Cool deep-water protects coral reefs against heat stress
1991, 1995, 2003, 2010 - again and again, increased water temperatures lead to bleaching with fatal consequences for stony corals in the Andaman Sea. These animals are highly susceptible to changes in water temperatures. Even a small temperature rise damages the symbiotic algae living in a cell layer of the corals causing their expulsion by the coral host. The corals, which depend on the photosynthetic energy of their symbionts, are hardly able to survive without them. The rise in ocean temperatures and coral bleaching are considered as the greatest threats to coral reef ecosystems worldwide. Therefore, natural retreat areas where corals experience less stress or have become more resistant through physiological adaptations are investigated.
In 2010, the most massive coral bleaching so far has hit the Andaman Sea. "The consequences differed a lot depending on local situations," emphasizes Dr. Marlene Wall, biologist at GEOMAR Helmholtz Centre for Ocean Research Kiel and first author of the study published in the January issue of the Proceedings of the Royal Society B. In their study, the scientists analysed how the location of the reefs determined the extent of the damage: Locations that faced westwards benefitted from so-called large-amplitude internal waves (LAIW). In contrast to surface waves, LAIW travel along density gradients that separate the cold deep water from the warmer upper layer. Once they reach the continental shelf, internal waves may break and transport water from the deep to the shallow coral reefs. At reefs that were sheltered by islands, the heat stress was 40 to 80 per cent higher - with dramatic consequences.
In the Andaman Sea, internal waves can temporarily cool down the water temperature around coral reefs by up to ten degrees Celsius. "These changes are a mixed blessing. Under normal conditions, lower temperatures have negative effects on the corals. But during heat stress, they offer unexpected cooling and help the corals to survive," says project leader Prof. Claudio Richter from the Alfred Wegener Institute for Polar and Marine Research. He examines the phenomenon of internal waves in the tropics and the polar regions.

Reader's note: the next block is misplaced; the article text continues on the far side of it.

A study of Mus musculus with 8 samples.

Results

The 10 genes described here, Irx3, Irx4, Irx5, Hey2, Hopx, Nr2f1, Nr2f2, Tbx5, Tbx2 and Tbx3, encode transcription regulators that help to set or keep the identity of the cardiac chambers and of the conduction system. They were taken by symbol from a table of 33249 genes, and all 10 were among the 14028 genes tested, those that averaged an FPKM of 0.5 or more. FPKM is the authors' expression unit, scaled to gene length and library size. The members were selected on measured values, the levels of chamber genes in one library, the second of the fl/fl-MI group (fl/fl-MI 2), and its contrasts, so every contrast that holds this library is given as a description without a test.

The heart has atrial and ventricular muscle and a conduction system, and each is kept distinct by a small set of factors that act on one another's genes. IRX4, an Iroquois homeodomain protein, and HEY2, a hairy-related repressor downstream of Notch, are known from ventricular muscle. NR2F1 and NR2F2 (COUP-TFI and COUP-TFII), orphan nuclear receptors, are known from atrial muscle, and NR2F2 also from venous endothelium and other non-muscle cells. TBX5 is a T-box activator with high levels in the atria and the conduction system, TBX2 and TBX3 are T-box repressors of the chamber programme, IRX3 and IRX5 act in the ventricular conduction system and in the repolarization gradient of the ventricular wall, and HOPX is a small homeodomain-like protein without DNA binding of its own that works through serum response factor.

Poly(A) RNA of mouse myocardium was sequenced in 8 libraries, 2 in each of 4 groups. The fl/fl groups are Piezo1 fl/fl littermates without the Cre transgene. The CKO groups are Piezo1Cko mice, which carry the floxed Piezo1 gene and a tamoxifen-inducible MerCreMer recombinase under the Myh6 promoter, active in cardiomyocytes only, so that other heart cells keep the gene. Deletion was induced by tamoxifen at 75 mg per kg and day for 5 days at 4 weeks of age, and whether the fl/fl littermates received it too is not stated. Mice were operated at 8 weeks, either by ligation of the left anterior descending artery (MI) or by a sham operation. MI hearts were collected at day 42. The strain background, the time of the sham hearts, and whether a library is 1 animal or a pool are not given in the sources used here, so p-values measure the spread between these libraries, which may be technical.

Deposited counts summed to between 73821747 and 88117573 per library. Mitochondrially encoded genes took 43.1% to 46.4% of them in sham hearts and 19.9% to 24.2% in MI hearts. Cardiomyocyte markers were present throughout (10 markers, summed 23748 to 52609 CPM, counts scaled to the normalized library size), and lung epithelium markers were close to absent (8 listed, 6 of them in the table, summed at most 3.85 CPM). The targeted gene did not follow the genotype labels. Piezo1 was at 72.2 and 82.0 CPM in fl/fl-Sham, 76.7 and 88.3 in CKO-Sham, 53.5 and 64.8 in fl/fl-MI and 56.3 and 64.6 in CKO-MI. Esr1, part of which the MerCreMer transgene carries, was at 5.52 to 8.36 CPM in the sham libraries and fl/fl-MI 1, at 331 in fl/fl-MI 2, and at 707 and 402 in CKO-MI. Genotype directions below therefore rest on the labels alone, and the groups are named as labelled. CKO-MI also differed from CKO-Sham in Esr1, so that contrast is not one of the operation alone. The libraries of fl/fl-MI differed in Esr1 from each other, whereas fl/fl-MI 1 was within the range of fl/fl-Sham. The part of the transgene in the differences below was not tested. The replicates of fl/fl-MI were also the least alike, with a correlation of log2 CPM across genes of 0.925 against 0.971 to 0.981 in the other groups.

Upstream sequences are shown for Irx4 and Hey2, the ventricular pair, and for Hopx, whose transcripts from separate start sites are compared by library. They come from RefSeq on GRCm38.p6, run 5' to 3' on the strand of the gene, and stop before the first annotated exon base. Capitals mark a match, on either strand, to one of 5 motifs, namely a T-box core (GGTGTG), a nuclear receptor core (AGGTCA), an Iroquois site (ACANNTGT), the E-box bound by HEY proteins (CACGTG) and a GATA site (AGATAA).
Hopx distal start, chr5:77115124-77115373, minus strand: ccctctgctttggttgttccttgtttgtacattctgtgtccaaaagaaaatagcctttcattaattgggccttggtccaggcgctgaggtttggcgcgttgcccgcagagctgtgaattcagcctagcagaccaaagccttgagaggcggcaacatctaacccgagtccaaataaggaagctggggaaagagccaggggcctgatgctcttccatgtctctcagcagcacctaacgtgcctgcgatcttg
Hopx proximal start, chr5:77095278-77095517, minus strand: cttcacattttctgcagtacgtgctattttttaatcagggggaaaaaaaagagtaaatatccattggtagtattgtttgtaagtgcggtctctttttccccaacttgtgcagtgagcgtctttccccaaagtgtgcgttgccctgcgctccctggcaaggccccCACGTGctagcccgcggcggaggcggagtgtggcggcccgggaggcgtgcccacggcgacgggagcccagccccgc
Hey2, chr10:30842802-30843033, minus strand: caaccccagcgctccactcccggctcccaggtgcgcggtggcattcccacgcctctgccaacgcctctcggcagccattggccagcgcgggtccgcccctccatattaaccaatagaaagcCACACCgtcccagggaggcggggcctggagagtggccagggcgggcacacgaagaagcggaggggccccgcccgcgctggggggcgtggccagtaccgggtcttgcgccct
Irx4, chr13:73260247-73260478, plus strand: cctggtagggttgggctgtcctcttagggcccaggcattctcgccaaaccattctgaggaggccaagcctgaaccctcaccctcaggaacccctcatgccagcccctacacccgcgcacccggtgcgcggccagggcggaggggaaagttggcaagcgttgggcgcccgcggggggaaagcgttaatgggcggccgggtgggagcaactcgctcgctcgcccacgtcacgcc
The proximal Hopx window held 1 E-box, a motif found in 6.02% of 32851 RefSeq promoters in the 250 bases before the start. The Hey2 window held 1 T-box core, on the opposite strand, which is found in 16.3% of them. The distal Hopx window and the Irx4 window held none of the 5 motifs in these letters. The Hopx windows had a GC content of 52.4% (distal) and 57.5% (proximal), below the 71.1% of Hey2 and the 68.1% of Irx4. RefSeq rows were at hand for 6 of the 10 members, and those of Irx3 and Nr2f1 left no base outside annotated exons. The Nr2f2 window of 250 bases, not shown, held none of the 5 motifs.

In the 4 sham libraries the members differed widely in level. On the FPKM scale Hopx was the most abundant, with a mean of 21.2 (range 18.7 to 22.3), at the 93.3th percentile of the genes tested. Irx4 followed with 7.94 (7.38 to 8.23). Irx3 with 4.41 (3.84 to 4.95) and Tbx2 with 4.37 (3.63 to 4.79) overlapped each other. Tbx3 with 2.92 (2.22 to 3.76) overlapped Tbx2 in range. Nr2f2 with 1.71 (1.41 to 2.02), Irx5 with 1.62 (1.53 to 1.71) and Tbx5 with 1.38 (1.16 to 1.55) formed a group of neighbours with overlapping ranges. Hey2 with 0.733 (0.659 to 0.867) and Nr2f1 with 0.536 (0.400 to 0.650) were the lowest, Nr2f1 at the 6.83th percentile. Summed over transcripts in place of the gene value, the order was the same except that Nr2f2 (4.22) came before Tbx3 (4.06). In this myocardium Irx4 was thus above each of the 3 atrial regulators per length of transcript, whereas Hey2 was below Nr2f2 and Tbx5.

In the tropical Andaman See, internal waves are most pronounced during the dry northeast monsoon from January to March. In July and August, the monsoon blows from the southwest. It brings rain, mixes the ocean thoroughly and drives water towards the coasts - the coral reefs of the islands' west flanks are then exposed to greater sedimentation. "The reefs of the western sides are less developed, because LAIW also temporarily cause ocean acidification and reduce the oxygen availability in the reefs," says Dr. Wall. Nevertheless, the coral communities on the west shores are similarly rich in coral species, which proves that the corals living there have adapted physiologically to these recurring problems. "In regions where internal waves come about, they could contribute to the conservation of coral reefs," the authors stress in their study. As part of their investigation, the biologists revealed differences between the data of the satellite monitoring of the US-American National Oceanic and Atmospheric Administration (NOAA) and in-situ work: Only on-site measurements reflected the potential of internal waves. "Accurate knowledge of local conditions is therefore important for the establishment and monitoring of protected areas for corals," says Dr. Wall.